Eliminating laboratory errors that cause patient illness and death
In 1999, the Institute of Medicine reported that medical errors, including those that occur in laboratories, may result in as many as 98,000 patient deaths annually in the United States at a cost of $17-29 billion.
To address this issue, the Centers for Disease Control and Prevention (CDC), the Agency for Healthcare Research and Quality, the Centers for Medicare and Medicaid Services, and the Food and Drug Administration are participating in the Patient Safety Task Force, a federal initiative to monitor and promote patient safety in the United States. An important part of this initiative is to identify and eliminate laboratory errors.
In addition, eliminating laboratory errors is one of "Seven Healthcare Safety Challenges" identified by CDC’s Division of Healthcare Quality Promotion to protect patients, protect healthcare personnel, and promote quality healthcare. For example, the Division is working with clinical microbiology laboratories across the United States to improve their capacity to perform confirmatory testing on certain germs that are resistant to antibiotics. Confirmatory testing is necessary to prevent an incorrect report about the true identification and drug resistance of an organism. An incorrect report can lead a doctor to misdiagnose an illness and recommend the wrong antibiotic.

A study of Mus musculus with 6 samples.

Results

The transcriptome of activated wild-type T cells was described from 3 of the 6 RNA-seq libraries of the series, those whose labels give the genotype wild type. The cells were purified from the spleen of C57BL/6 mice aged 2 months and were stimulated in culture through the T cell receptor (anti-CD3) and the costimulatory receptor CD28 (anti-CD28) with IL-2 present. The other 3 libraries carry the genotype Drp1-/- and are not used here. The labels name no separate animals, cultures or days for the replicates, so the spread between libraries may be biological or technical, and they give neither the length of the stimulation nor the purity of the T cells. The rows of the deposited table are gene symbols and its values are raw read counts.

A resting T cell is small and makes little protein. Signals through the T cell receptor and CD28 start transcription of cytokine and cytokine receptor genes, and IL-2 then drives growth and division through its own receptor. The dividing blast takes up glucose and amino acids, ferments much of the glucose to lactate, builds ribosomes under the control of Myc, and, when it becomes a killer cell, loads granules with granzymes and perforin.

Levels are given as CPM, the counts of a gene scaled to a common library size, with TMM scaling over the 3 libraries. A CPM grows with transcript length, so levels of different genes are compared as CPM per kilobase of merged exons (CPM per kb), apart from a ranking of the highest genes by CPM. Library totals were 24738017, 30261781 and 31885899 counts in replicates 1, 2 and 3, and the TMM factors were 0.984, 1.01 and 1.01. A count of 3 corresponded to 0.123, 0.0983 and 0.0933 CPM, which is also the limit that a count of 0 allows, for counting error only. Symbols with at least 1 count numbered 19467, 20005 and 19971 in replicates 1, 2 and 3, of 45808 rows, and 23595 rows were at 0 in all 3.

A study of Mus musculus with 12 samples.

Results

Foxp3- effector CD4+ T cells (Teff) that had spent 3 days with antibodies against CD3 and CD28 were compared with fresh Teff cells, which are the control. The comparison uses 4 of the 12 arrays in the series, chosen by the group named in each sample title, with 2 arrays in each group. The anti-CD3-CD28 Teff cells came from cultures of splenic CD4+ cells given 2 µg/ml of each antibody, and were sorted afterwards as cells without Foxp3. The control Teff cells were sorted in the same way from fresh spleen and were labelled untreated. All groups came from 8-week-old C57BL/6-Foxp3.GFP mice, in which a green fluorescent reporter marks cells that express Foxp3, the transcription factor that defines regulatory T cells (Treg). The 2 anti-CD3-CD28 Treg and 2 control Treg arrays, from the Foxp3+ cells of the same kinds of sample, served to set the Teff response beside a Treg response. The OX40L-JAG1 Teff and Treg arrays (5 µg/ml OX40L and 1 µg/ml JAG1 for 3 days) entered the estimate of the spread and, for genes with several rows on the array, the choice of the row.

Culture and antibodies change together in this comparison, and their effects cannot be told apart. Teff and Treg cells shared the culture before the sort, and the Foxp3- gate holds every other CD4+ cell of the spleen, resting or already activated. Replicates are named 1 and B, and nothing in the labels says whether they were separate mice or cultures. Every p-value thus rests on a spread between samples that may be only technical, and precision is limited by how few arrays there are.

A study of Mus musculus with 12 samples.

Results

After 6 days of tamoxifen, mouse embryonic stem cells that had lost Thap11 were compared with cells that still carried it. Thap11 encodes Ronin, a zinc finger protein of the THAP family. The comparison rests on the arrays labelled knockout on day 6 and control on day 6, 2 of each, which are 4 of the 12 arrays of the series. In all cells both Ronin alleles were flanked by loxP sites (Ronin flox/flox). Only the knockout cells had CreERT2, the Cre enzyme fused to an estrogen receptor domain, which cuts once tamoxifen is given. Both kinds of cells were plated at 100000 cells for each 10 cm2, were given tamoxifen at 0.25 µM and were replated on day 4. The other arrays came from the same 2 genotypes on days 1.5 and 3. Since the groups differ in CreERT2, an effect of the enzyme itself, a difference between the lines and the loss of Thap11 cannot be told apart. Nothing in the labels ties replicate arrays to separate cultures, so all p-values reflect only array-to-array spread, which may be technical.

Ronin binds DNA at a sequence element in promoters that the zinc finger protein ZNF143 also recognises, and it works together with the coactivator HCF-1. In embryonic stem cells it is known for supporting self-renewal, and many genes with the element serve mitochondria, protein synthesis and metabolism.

A recent CDC survey of over 400 clinical microbiology laboratories in the United States showed that 76 percent are aware of the need to perform confirmatory vancomycin testing in Staphylococcus aureus if reduced susceptibility to vancomycin is suspected. This percentage has increased almost 20 percent since 1997 due to CDC’s efforts to provide information and training to clinical laboratories. Additional efforts are underway to ensure that all laboratories perform the correct tests. Please see www.phppo.cdc.gov/dls/master/default.asp.
More information on CDC’s "Seven Healthcare Safety Challenges" to protect patients, protect healthcare personnel, and promote quality healthcare can be found at www.cdc.gov/ncidod/hip/challenges.htm.